As democracy withers, Bob Dole and other American soldiers must be remembered

The passing of former Sen. Bob Dole (R-Kansas) is a reminder of why we need to honor our soldiers. Dole was a lieutenant in the Army’s 10th Mountain Division and was wounded so severely on a battlefield that he lived the rest of his life with limited use of his right arm. He devoted himself to raising money for the World War II Memorial in Washington, D.C., and sometimes spent weekends there welcoming visiting veterans. He had enlisted in the Army Reserves during college and was called to active duty in 1943.  

Dole’s death is also a reminder of the need for bipartisan efforts to honor the men and women of our nation who fought for the freedom and democracy many of us now fear losing.

After much debate, efforts to honor our U.S. veterans who fought global terrorism in Afghanistan, Iraq and Syria are finally taking shape.


Twenty years of conflict has left deep scars for soldiers, their families and victims of terrorism abroad. We should all salute the efforts by a new foundation to address the pain and grief through construction of a lasting memorial. I agree with Marina Jackman, president of the Global War on Terrorism Memorial Foundation, when she says, “Now more than ever, the military community needs a place to gather to reflect, to heal and to honor the significant contributions that this generation of warfighters and their families have made on behalf of Americans. ”

Yes, it is time to do something concrete for our veterans. And despite the partisan bickering in Washington, D.C.,  honoring America’s troops should have the support of both political parties. Sen. Joni ErnstJoni Kay ErnstUS maintains pressure on Russia amid concerns of potential Ukraine invasion Sunday shows - Russia standoff over Ukraine dominates GOP senator says US should impose sanctions on Russia MORE (R-Iowa), a retired lieutenant colonel in the Iowa Army National Guard, helped pass legislation with female combat veteran Sen. Tammy DuckworthLadda (Tammy) Tammy DuckworthThese Senate seats are up for election in 2022 Democrats call on Biden administration to ease entry to US for at-risk Afghans We must learn from the Afghanistan experience — starting with the withdrawal MORE (D-Ill.), to award U.S. Army Ranger veterans of World War II with the Congressional Gold Medal.

Ernst, who also did a tour of duty in Iraq, is urging her colleagues in the Senate to let the new Global War on Terrorism Monument be located on the National Mall. But that would override a 2003 federal law that prevents new memorials from being built in an area of the National Mall known as The Reserve. Already the question of the monument’s location has become a divisive issue on Capitol Hill as congressional members bicker over the exact place for the memorial.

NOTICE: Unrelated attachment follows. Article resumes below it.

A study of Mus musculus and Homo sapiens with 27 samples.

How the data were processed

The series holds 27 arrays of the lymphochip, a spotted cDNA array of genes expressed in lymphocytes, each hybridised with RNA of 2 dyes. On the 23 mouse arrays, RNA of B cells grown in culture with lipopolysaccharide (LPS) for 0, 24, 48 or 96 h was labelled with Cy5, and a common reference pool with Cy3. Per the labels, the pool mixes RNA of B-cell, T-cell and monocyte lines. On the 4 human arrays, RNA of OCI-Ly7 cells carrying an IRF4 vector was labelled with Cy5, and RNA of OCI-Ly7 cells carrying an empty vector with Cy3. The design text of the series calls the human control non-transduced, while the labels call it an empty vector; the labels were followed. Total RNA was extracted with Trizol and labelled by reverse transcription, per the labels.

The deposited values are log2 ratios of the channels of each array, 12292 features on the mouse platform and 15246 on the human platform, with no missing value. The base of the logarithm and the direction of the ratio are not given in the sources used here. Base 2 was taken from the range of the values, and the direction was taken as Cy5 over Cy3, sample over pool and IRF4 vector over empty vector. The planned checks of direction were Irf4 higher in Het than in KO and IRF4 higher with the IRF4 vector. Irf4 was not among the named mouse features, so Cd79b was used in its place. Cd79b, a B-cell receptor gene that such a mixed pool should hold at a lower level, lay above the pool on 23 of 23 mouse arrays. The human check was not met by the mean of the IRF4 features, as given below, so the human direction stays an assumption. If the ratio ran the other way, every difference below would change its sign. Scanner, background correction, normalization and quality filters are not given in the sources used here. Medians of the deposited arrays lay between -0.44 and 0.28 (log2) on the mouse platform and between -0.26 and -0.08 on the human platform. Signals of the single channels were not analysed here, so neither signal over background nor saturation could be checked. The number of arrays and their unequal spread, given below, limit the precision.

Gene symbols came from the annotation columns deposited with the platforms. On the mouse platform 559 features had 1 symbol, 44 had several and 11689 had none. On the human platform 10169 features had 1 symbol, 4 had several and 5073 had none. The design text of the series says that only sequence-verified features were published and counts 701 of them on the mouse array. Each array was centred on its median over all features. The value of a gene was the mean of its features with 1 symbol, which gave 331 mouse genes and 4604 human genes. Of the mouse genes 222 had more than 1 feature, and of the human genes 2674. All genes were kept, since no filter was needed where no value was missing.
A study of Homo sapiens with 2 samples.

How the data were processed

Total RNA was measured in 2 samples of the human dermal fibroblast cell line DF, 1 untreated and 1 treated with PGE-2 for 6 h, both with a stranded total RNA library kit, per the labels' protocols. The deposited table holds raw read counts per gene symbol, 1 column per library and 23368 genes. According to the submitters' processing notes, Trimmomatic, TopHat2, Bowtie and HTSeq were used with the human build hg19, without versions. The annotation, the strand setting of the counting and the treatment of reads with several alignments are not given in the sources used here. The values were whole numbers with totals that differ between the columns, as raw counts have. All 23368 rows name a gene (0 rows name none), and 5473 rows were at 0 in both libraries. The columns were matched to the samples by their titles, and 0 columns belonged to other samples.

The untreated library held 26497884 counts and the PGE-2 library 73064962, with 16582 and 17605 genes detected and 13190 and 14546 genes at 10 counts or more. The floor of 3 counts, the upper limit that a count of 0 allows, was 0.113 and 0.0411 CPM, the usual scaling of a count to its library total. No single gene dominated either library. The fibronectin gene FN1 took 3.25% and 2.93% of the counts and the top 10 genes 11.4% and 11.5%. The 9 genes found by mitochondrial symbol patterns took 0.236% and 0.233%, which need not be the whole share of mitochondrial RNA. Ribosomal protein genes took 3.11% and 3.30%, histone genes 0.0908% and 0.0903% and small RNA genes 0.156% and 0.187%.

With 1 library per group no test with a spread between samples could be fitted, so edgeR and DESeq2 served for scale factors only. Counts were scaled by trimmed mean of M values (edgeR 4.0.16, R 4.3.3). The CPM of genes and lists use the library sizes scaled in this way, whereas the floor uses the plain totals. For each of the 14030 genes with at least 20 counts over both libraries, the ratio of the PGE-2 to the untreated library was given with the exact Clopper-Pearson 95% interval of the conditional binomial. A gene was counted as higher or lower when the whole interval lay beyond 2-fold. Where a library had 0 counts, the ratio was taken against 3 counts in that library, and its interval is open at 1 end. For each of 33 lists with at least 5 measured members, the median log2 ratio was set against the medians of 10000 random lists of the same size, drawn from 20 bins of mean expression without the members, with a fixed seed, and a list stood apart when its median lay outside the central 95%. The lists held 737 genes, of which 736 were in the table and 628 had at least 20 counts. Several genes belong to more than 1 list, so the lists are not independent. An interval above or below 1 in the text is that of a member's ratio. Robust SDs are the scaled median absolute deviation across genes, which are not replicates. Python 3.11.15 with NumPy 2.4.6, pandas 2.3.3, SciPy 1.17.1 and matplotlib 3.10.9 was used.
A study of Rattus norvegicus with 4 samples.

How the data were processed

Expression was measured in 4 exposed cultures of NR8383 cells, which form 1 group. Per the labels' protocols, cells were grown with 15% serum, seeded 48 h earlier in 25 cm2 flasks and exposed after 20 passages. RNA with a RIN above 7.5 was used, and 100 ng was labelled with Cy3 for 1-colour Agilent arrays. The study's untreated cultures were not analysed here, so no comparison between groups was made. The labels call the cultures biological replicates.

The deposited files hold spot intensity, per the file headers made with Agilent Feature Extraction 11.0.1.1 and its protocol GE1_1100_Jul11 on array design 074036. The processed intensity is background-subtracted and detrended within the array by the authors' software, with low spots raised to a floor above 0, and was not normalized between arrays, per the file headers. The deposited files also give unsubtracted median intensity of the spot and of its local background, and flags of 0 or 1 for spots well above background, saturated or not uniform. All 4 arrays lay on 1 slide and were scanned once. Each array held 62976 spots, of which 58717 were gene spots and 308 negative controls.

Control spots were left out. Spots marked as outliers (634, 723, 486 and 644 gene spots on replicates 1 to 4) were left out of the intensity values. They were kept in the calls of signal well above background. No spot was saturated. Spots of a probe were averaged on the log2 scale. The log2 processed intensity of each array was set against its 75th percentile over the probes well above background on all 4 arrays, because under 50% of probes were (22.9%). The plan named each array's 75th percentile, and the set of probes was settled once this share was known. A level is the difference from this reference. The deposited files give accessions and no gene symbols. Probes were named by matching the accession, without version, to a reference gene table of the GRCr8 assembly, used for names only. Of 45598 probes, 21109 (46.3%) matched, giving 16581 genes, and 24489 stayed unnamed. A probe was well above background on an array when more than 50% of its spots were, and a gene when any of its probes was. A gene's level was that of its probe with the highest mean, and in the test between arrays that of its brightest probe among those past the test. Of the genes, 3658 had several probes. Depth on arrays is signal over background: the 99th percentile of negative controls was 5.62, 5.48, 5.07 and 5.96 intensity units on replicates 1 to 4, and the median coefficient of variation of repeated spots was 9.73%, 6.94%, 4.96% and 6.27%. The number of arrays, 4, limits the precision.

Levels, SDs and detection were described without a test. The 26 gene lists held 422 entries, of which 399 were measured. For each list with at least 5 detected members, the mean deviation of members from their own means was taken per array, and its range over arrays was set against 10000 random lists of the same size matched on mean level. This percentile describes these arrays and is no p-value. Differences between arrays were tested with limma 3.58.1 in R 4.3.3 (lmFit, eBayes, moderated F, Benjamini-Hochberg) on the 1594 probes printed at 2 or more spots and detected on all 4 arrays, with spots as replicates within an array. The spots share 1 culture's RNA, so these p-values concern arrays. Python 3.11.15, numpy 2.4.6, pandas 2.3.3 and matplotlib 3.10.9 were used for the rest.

At the same time that we see efforts to honor troops in the nation’s capital, there are sporadic but important efforts to honor veterans in cities across the country. In Wilmington, N.C., there is, finally, a memorial that recognizes the contributions of Black soldiers in the Civil War. It has been 156 years since the Battle of Forks Road in Wilmington, one of the war’s final battles.


The memorial was erected at the Cameron Art Museum with a bronze sculpture entitled, “Boundless,” featuring 11 figures — a flag-bearer, a drummer and three rows of soldiers, their arms linked together. Next month, the names of 1,820 USCT will be inscribed on the sculpture to honor all of the Black soldiers who fought in the Battle of Forks Road.

In addition to a place to remember those who have passed, we need to improve actions to help those who endured conflict overseas and are still living. That means more programs, funding and social services for all veterans, especially those affected by PTSD and the global health pandemic.

At a time of deep national unrest, let’s remember Bob Dole and those who believed in America and fought for its freedoms. We don’t always agree on things at home, but we can agree that service overseas must be honored.

Tara D. Sonenshine is a former U.S. under-secretary of state for public diplomacy and public affairs.